We have all experienced the phenomnon of narrowing bandwidth – that time, either momentary or ongoing, where your needs outpace your resources.
The parent of three children can relate. Most times maybe things are ok. But then there are rare occassion where the stars align and boom – suddenly everything is chaos.
Parent is making dinner, one child is reading, the other playing games on her phone and the third is crawling around a slew of toys on a blanket within sight. Partner decides he needs to go out for milk. In partner’s absence, child one trips and falls down the stair, child two’s phone dies and she is in a panic while child three has suddenly had her diaper mysteriously come off and proceeds to gleefully pee on the floor.
There are a lot of potential responses to this -most of them poor. Parent decides to triage and runs to aid injured child assuming the floor can be cleaned later while shouting to child two to “HOLD ON ON MINUTE” and eventually life goes on.
These sorts of things happen in organizations all of the time and leadership needs to be able to navigate these moments so that they remain moments and not ongoing circumstance.
When bandwidth narrows and things pile up people often have an interesting response – they remain silent and try to keep up. Why? We do not want to appear incapable and so we keep trying to do more until suddenly something breaks and we quit. Managers need to be aware of this tendency and why is occurs.
A manager needs to ensure employees are aware that when they feel bandwidth narrowing their first task is to come to them. Management then tries to determine the cause –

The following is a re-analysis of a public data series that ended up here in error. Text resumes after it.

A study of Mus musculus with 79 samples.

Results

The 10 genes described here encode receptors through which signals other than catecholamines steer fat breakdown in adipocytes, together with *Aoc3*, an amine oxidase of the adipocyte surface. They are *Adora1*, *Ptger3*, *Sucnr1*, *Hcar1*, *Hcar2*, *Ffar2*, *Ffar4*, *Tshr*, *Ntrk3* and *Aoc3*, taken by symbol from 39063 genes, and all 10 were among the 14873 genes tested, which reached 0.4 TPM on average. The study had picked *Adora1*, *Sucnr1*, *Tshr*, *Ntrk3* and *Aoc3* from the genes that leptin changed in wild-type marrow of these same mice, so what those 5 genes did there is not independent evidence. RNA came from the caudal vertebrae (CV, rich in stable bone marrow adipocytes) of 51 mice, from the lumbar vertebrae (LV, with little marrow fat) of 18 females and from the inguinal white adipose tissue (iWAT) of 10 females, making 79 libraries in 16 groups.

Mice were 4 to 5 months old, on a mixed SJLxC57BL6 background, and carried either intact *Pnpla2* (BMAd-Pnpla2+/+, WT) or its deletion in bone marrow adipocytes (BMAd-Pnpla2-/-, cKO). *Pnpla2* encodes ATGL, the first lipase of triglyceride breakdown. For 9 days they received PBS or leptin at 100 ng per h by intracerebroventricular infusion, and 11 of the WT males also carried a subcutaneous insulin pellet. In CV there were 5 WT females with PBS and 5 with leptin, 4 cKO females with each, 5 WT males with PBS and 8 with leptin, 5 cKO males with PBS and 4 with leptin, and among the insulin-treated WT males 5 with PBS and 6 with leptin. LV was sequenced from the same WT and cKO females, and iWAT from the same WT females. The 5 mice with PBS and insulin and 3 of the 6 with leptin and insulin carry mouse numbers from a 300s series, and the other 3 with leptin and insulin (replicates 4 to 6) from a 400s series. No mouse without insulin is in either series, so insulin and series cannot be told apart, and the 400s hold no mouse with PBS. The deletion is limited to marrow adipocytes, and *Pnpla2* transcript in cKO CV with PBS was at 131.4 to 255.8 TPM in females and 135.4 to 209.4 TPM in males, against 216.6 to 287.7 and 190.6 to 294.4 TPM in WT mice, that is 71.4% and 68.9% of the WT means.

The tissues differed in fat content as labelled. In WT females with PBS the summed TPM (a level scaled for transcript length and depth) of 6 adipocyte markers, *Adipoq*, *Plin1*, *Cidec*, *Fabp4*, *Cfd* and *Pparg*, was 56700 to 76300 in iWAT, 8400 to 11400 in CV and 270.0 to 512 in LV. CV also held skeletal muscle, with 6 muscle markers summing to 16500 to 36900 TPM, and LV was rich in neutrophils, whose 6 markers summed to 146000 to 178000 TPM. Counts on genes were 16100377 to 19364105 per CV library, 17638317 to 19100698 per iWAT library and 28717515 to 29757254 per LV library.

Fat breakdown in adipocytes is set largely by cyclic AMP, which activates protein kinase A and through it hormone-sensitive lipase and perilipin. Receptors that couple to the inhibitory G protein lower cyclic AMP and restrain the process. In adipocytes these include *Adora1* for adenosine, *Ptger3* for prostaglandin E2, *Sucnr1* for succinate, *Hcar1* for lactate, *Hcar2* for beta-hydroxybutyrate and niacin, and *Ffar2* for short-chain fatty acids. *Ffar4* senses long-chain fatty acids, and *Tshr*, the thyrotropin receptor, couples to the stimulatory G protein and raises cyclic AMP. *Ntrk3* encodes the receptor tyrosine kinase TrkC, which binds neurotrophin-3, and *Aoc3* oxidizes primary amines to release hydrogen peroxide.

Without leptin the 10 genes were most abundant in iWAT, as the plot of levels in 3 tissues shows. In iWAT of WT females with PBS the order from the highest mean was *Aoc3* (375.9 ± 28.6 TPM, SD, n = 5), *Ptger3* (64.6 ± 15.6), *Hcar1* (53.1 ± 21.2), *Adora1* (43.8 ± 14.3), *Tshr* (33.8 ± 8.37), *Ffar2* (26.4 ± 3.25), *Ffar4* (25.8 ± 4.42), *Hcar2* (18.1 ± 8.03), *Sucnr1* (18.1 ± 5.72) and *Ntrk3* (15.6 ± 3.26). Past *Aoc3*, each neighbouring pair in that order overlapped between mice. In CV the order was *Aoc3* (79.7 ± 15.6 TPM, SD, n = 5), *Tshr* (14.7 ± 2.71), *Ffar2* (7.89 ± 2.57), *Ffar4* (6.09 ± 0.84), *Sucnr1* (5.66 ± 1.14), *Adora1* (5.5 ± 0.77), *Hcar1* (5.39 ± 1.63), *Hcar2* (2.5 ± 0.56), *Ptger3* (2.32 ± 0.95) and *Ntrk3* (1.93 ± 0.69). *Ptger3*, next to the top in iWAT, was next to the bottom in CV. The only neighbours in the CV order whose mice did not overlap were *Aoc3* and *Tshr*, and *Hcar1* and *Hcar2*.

- Increasing organizational needs on single employee are pushing them beyond their ability to keep up.
- Nothing has changed but employee’s skillset cannot manage the job.
At this point management needs to determine the correct/first response (triage). Do you train the individual? Do you increase bandwidth by adding staff? Do you remove the individual and rehire to the role? Or do we scale back and choose to not do certain things for the time-being (manage the growth)?
If these things are not done an interesting circumstance can occur – narrow bandwidth can become an excuse for maintaining narrow bandwidth.
To put it another way – staff are so overwhelmed with additional tasks due to narrowing bandwidth they no longer have the time to mitigate the issue through hiring.
When this happens pressure in the organization builds, people quit, bandwidth narrows further, hiring slows down even more as staff seek to catch up rather then fill gaps, and the cycle continues until structural or organizational collapse occurs.
The irony is this is not a difficult cycle to break but it requires leadership and decision making. Employees need managers to rescue them from a culture of fear and frustration by enforcing deadlines and requiring certain decisions to be made that focus on mitigating the bandwidth issue – having existant staff pick up the slack of narrowing bandwidth is not the solution and often feeds the cycle itself by driving them away.
In the end the solution lies in breaking a cycle of paralyzed indecisiveness and forging ahead so that key objectives can start being met again and the organizing can begin functioning like the well-oiled machine it was always meant to be.